OnabotulinumtoxinA for treatment of chronic migraine: pooled analyses of the 56-week PREEMPT clinical program.Headache. 2011 Oct; 51(9):1358-73.H
To evaluate safety and efficacy of onabotulinumtoxinA (BOTOX(®)) as headache prophylaxis in adults with chronic migraine.
Chronic migraine is a prevalent, disabling, and undertreated neurological disorder. OnabotulinumtoxinA is the only approved prophylactic therapy in this highly disabled patient population.
DESIGN AND METHODS
Two phase III, 24-week, double-blind, parallel-group, placebo-controlled studies, followed by a 32-week, open-label, single-treatment, onabotulinumtoxinA phase, were conducted (January 23, 2006 to August 11, 2008). Qualified subjects were randomized (1:1) to injections of onabotulinumtoxinA (155-195 U) or placebo every 12 weeks for 5 cycles (double-blind: 2, open-label: 3). The pooled primary variable was mean change from baseline in frequency of headache days. Secondary variables included proportion of patients with severe Headache Impact Test-6 score (≥ 60) and mean changes from baseline in frequencies of migraine days, moderate/severe headache days, and migraine episodes; cumulative hours of headache on headache days; and acute headache medication intakes. The primary time point was week 24. Assessments for the open-label phase (all patients treated with onabotulinumtoxinA) compared double-blind treatment groups (onabotulinumtoxinA/onabotulinumtoxinA vs placebo/onabotulinumtoxinA) and are summarized to give a descriptive view of consistent study results, with inferences regarding statistical significance only examined for week 56.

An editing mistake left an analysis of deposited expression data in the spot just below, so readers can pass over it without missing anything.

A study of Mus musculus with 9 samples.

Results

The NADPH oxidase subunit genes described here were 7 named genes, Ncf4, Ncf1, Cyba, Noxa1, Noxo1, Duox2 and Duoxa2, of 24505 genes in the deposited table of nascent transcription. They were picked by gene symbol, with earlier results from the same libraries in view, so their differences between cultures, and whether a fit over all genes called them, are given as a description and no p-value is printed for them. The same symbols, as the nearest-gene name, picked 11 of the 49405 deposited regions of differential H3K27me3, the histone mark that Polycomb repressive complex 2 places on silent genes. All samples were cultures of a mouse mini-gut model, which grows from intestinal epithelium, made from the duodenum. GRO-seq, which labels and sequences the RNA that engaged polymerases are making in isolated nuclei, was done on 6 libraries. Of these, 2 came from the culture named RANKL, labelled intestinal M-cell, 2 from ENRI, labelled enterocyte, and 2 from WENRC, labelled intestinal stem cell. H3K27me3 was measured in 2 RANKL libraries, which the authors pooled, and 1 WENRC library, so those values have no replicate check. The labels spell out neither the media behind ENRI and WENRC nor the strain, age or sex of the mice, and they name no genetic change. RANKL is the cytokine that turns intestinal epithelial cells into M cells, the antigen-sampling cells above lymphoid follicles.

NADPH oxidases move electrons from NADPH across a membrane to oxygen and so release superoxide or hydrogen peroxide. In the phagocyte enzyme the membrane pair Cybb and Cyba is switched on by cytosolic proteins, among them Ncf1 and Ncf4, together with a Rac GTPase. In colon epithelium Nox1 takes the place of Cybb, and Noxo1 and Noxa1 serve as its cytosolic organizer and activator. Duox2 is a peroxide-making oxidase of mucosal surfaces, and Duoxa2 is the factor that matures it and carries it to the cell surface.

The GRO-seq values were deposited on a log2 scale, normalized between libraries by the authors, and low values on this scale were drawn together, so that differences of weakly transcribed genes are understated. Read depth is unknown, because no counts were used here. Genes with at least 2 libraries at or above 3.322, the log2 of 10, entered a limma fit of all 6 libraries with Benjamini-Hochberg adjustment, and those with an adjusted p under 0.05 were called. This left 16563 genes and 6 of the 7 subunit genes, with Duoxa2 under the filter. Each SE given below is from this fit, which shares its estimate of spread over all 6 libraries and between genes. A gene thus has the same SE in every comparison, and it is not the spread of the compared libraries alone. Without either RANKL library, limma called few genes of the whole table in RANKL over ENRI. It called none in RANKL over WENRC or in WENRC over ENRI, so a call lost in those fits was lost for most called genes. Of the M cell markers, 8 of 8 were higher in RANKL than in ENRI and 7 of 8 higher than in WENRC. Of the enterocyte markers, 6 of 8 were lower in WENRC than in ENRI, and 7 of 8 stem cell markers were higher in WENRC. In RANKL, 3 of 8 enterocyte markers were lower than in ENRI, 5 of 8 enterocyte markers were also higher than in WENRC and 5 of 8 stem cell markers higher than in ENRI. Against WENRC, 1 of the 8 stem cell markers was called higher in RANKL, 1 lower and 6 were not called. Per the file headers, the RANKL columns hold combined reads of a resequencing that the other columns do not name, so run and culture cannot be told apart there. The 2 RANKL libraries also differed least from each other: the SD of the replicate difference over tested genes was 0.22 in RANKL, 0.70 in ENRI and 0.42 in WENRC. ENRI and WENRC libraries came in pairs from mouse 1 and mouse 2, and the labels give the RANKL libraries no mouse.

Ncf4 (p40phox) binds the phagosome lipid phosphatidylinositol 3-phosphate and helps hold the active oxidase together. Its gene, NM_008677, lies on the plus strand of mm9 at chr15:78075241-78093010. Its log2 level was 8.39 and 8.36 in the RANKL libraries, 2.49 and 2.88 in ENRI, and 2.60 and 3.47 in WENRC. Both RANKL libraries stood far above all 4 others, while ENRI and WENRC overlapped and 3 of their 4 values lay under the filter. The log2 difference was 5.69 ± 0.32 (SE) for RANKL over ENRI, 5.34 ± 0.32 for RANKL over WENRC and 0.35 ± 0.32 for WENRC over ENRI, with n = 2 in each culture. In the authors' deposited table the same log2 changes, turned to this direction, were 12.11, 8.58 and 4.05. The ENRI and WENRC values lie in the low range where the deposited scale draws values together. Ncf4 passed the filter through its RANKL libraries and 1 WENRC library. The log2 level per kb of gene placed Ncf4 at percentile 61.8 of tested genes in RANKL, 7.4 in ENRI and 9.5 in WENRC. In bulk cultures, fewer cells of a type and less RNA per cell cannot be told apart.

A total of 1384 patients were randomized to onabotulinumtoxinA (n = 688) or placebo (n = 696) in the double-blind phase; 607 (88.2%) onabotulinumtoxinA/onabotulinumtoxinA and 629 (90.4%) placebo/onabotulinumtoxinA patients continued into the open-label phase. OnabotulinumtoxinA/onabotulinumtoxinA treatment statistically significantly reduced headache-day frequency vs placebo/onabotulinumtoxinA in patients with chronic migraine at week 56 (-11.7 onabotulinumtoxinA/onabotulinumtoxinA, -10.8 placebo/onabotulinumtoxinA; P = .019). Statistically significant reductions also favored onabotulinumtoxinA/onabotulinumtoxinA for several secondary efficacy variables at week 56, including frequencies of migraine days (-11.2 onabotulinumtoxinA/onabotulinumtoxinA, -10.3 placebo/onabotulinumtoxinA; P = .018) and moderate/severe headache days (-10.7 onabotulinumtoxinA/onabotulinumtoxinA, -9.9 placebo/onabotulinumtoxinA; P = .027) and cumulative headache hours on headache days (-169.1 onabotulinumtoxinA/onabotulinumtoxinA, -145.7 placebo/onabotulinumtoxinA; P = .018). After the open-label phase (all treated with onabotulinumtoxinA), statistically significant within-group changes from baseline were observed for all efficacy variables. Most patients (72.6%) completed the open-label phase; few discontinued because of adverse events. No new safety or tolerability issues emerged.
Repeated treatment with ≤ 5 cycles of onabotulinumtoxinA was effective, safe, and well tolerated in adults with chronic migraine.